Castor Bean

Spies and Neuroscience

In 1978, George Markov, a Bulgarian writer and journalist living in London, went out walking and was bumped into by a man carrying an umbrella which he dropped in the encounter. The man excused himself, picked up his umbrella and continued on his way. Mr. Markov felt a slight sting in his leg and began to feel unwell.  A few days later, Markov checked himself into a hospital, where he died of massive hemorrhaging.  A small puncture wound on Mr. Markov’s leg revealed that he had been injected with a ricin pellet. Ricin poison acts more quickly when injected directly into the blood stream, which is just what happened to Mr. Markov when the umbrella touched his leg; compressed gas had been used as a propellant to fire a ricin pellet into his leg! Although foreign agents were suspected in the death, the case of the ‘umbrella murder’ has never been solved. 

Ricin has since been used repeatedly as a deadly poisoning agent in popular media culture. From research conducted in over 50 countries about ancient and modern medicinal uses of the castor bean plant, it is evident that extensive use has been made of the plant throughout the world. The ‘mash’ of the castor bean plant is the waste material created in the production of castor oil, which has been used for centuries as a mild, effective laxative.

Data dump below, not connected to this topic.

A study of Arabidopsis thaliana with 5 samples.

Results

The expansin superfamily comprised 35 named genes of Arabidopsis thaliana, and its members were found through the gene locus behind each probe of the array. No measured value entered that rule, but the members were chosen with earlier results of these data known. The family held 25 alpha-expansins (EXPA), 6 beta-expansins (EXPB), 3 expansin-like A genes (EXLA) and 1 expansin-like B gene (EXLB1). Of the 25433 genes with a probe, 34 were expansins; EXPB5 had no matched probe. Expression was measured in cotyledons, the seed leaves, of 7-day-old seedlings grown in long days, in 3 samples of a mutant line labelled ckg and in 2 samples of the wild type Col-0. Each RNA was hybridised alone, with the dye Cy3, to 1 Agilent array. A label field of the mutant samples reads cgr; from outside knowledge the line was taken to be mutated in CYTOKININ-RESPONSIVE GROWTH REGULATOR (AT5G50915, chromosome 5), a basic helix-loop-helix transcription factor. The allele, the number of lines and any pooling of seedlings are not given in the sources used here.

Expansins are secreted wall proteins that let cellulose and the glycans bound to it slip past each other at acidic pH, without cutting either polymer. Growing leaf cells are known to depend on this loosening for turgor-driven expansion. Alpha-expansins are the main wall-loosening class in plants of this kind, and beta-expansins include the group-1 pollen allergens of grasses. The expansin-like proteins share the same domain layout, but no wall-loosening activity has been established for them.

It is from this waste ‘mash’ that the highly toxic and certainly fatal, if untreated, poisonous compound, ricin, is derived. Ricin is a naturally occurring compound that kills cells by preventing them from making protein (protein synthesis).  Ricin has been used and continues to be explored as an effective bioweapon in warfare.  A vaccine has been developed by the U.S. military, but there is currently no antidote for ricin poison. Experiments have been conducted for application of ricin as an insecticide, as a chemical model for epilepsy research, improving memory and as a ‘magic bullet’ to destroy targeted cells in cancer treatment!  
 
The common, easily grown castor bean plant, an attractive, ornamental plant used as landscaping in parks is of major concern because of its ready availability. Is it a risky, wicked plant or a potentially highly beneficial plant?  It depends on how it is used.